Photo: “Crossing the line” Cole Bartels.
Belmont High’s Senior Cole Bartels’ final pitch of his high school career was a fastball that overpowered the batter, forcing a lazy infield pop-up for the third out of the fifth inning.
It was appropriate that one of the most dominating pitchers in school history – and that includes the likes of major leaguer Wilbur Woods – would end his playing days on gutsy performance (coming just three days after throwing 100 pitches against Beverly) in the quarterfinals of the MIAA Division 2 North Sectionals against host and number-one seed Danvers High on Monday afternoon, June 6.
But while Bartels – who earlier in the day was named a Boston Globe Spring All-Scholastic for the second year – and reliever junior Cal Christofori would give up only four hits with Bartels striking out eight Falcons with his fastball, curve/slider combo, it was Danvers’ aggressive and opportunistic running on the base paths and the Marauders inability to put together hits in a timely manner that saw Belmont fall, 4-1, to Danvers.
“Same old, same old, it’s deja vu,” said Head Coach Jim Brown, having lost to Danvers for the third time in five years in the quarterfinals.
“We outhit them, but they make the plays on the field, a couple of miscues on our part. They take the extra bases, and they love to bunt,” he said.
“It’s a tough way to lose, but that’s why they’re 18-2 every year and going to the semi-finals every year,” said Brown.
For Bartels, the last game of this stellar high school career – two-time Middlesex League MVP and Boston Globe All-Scholastic – should have ended on a better note.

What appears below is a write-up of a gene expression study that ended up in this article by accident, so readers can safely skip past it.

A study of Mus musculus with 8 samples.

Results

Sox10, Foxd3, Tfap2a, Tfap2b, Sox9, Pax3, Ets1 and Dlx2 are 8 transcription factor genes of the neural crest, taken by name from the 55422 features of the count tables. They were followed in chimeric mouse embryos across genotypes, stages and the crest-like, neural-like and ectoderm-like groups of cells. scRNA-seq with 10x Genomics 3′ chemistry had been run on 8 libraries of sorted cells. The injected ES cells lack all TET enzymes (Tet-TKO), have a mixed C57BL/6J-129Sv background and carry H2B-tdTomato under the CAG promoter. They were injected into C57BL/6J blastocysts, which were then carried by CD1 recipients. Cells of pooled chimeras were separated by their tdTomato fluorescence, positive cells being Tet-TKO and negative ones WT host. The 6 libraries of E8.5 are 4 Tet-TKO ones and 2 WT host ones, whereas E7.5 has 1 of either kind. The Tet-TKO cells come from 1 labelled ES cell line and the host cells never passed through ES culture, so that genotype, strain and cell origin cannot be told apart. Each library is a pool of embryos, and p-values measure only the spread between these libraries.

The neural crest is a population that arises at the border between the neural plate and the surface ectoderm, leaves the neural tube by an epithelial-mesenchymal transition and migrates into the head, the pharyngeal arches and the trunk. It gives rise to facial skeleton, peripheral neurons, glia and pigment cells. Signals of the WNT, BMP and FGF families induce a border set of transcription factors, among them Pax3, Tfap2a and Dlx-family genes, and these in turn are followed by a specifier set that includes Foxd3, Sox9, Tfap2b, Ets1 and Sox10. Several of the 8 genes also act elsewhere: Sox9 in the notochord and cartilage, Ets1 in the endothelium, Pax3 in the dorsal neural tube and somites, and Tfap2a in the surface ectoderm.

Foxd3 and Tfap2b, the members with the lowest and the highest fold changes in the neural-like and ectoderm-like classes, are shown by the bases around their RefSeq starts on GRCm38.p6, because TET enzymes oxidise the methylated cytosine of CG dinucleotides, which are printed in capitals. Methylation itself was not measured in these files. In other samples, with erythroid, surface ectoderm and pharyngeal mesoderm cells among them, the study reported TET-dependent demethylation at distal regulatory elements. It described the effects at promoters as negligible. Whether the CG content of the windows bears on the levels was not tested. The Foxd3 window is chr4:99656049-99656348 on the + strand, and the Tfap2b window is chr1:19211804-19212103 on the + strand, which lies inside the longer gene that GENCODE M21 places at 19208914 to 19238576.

“That was real tough. Nothing seemed to go our way here. We fought really hard and got a bunch of hits but they didn’t come in the right time,” said Bartels. “They’re a great team. I hate them, but they are a great team.”
“But I’m super proud of all my teammates. They fought really hard so I want to thank everyone and I’m very happy of what I’ve accomplished,” he said.
And Bartels will be missed.
“He’s the best I’ve ever had as a pitcher and player. He’s a hell of a competitor. Once in a generation,” said Brown.
Danvers senior pitcher Andrew Olszak did not have the same outstanding control that he demonstrated in last year’s 3-1, one-hit victory over Belmont in the same quarterfinal round. But the two-time league MVP (7 hits, 3 strikeouts) did throw strikes which allowed Falcon’s to make some clutch fielding, including turning two double plays (in the first and fourth) to stuff out innings while not making an error behind Olszak.
It was when Danvers reach base that Belmont found itself flat-footed. In the second inning, Danvers runners twice moved from first to third on routine sacrifices which allowed two runs to score on the only solid hit against Bartels – a single up the middle – and a fielder’s choice.
In the third, Danvers’ right fielder Dan Lynch reached first on a walk, stole second when a Belmont infielder arrived late to take Christofori’s bullet that beat the runner, took third on a passed ball and walked home on catcher Matt Andreas’ routine grounder to first. Three runs on a single, a bunt, a steal, an error and a few fielder’s choices.
Belmont was making good contact at the plate – left fielder Connor Dacey solved Olszak going 3-3 (three singles) for the day, while second base Noah Riley sharp shot in the fourth went for naught – but could not put them together.
The Marauders got things rolling in the top of the sixth. After Christofori missed going yard by 10 feet in deepest dead center for the first out, Dacey collected his third single followed by a gap double from Bartels between left and center. Riley loaded the bases with a 3-2 walk and Paul Ramsey’s deep fly ball to left brought home pinch runner Matt Kerans.
But Danvers came back for its fourth in the sixth with a double and a two-out single from first base Zach Dillon for his second RBI.
Many Belmont players didn’t want to leave the field after a successful season (15-7), taking photos, reaching out to coaches and other players and remembering how good they were.